So many cheeses, so little time.
OK, that’s not exactly a saying. But in all seriousness, it might as well be. The cheese aisle is a magical place where some of the most important household decisions are made.
And Australia alone produces hundreds of mouth-watering cheeses – all with the same package of healthy nutrients, protein and calcium.
The thing is, in the rush of trying to get our weekly shop done and dusted, most of us end up reaching for the same brie and cheddar that we always do. That, and we can find ourselves overwhelmed for choice, without a clear idea of how exactly the more obscure cheeses should be eaten.
What this means is that many of us are missing out on a whole, wide world of cheesy goodness. And considering cheese is one of the great food joys in life, it seems crazy not to indulge that.
After much careful deliberation, we’ve rounded up a list of alternative cheeses for the popular classics. Importantly, they’re all easy to find at local retailers.
1. If you like mozzarella, try burrata.
Most of us will use mozzarella generously in our cooking, especially Italian-inspired pasta sauces and pizzas. It traditionally comes as a soft white ball in water, but these days we also buy longer-lasting versions that are shredded, firmer and more yellow.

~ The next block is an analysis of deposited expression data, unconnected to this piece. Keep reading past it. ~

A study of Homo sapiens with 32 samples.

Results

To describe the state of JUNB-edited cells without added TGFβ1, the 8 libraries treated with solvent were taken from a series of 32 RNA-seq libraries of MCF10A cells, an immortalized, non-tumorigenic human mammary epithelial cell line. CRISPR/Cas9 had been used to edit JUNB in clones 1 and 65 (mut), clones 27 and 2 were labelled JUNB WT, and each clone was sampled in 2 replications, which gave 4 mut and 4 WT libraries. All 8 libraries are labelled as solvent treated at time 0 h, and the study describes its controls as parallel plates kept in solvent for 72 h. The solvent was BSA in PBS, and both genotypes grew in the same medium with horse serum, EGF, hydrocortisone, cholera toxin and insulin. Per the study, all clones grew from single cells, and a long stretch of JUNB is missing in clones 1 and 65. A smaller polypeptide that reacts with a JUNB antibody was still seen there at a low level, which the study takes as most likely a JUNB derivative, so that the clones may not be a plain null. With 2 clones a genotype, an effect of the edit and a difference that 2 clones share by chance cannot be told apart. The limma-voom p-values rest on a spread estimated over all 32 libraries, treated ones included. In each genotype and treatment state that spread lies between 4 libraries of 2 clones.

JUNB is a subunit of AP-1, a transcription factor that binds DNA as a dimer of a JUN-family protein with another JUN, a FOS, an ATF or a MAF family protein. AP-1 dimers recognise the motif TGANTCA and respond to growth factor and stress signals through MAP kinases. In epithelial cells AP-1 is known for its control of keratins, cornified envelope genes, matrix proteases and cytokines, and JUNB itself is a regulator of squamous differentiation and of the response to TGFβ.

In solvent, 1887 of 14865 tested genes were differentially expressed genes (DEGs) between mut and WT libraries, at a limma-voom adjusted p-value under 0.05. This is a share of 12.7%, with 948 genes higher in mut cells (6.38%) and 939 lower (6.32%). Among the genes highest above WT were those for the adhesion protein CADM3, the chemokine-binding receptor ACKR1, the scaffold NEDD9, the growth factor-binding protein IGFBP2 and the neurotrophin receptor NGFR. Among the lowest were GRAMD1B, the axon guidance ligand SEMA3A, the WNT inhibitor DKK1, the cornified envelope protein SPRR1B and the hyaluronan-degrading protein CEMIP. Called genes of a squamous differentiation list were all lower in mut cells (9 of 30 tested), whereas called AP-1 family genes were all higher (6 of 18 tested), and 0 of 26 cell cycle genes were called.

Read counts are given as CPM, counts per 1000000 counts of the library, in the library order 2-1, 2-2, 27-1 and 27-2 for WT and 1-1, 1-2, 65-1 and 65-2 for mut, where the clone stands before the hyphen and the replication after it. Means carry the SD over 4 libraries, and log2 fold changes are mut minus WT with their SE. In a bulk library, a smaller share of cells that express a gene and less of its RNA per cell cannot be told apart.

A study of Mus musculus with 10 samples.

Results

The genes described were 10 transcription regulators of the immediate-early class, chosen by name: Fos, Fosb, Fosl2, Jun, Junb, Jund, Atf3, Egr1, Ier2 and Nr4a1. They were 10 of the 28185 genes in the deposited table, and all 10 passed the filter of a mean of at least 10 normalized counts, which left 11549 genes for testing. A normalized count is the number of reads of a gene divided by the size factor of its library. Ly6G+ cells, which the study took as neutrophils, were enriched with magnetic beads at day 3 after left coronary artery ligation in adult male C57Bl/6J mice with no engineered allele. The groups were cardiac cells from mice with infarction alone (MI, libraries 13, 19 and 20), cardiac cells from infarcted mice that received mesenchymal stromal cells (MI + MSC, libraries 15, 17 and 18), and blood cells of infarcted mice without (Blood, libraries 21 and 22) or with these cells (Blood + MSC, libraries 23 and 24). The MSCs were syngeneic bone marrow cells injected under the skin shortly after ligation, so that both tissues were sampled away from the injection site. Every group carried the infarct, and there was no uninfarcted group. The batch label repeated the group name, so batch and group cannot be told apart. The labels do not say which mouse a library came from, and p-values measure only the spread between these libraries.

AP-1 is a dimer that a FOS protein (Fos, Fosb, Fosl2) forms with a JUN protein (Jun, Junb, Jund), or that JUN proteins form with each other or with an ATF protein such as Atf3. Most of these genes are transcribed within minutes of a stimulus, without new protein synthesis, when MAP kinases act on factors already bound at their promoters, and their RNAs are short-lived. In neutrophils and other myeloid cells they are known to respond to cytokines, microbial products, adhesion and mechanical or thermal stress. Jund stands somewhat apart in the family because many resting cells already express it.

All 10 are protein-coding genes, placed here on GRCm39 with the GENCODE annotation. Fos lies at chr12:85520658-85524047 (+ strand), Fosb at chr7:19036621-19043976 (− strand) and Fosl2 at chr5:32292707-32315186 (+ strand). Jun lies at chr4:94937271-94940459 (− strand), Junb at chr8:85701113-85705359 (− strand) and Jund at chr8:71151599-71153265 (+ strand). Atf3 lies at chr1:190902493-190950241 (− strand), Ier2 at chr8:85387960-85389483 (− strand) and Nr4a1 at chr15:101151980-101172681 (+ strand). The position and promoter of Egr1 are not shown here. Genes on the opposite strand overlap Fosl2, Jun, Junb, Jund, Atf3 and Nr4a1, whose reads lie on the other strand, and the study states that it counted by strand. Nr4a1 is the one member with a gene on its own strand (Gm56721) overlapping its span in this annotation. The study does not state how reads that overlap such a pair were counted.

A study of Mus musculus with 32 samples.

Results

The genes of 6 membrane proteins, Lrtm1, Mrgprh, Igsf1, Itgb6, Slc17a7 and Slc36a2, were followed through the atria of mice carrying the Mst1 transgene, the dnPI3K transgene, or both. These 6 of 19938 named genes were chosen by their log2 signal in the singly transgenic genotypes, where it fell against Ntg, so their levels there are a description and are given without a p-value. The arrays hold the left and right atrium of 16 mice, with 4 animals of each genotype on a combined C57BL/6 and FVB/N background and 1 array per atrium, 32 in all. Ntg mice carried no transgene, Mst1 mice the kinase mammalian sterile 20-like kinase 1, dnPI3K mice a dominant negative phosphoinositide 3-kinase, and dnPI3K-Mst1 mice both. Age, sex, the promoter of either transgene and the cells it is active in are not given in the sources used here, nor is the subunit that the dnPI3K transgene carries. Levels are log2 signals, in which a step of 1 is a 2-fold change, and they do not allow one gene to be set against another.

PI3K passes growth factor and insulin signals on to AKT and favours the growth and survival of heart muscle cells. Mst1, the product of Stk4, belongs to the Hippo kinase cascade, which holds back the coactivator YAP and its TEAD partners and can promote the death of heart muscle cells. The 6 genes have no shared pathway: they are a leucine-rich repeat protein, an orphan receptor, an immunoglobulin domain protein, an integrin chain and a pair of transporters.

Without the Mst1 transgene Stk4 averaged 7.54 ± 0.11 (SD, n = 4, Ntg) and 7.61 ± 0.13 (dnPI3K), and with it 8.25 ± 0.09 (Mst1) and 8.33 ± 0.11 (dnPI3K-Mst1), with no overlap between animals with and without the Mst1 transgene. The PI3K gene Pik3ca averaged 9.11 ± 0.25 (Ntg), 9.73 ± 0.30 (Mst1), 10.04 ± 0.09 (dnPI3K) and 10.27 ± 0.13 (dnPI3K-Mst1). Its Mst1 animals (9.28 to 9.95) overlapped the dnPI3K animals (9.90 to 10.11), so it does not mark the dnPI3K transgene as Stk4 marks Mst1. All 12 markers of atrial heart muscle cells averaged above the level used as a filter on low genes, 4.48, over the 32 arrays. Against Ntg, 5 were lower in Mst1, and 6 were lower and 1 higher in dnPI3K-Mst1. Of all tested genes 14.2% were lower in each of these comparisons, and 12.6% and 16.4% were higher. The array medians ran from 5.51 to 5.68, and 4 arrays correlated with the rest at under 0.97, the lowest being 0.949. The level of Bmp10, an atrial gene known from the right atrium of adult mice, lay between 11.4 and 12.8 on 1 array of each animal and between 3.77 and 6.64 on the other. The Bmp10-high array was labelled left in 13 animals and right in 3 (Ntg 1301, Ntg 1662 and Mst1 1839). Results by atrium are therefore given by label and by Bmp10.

So I’m just going to go ahead and say it. Pause on the mozzarella. Burrata is what dreams are made of.
What’s it like? Burrata looks similar to classic mozzarella: round, moist, creamy, delicious. But it takes mozzarella one step further, because it is formed in a pouch and filled with soft curd and cream. The magic happens when you slice it open to reveal a beautifully oozy centre.
How do I eat it? Because it is so special and delicate, it is best enjoyed as is, on an antipasto platter or with fine charcuterie, a little crusty bread and some olive oil. You can also use it to amp up a simple, already-cooked pasta dish or mix it into a salad, such as with fresh basil and tomato.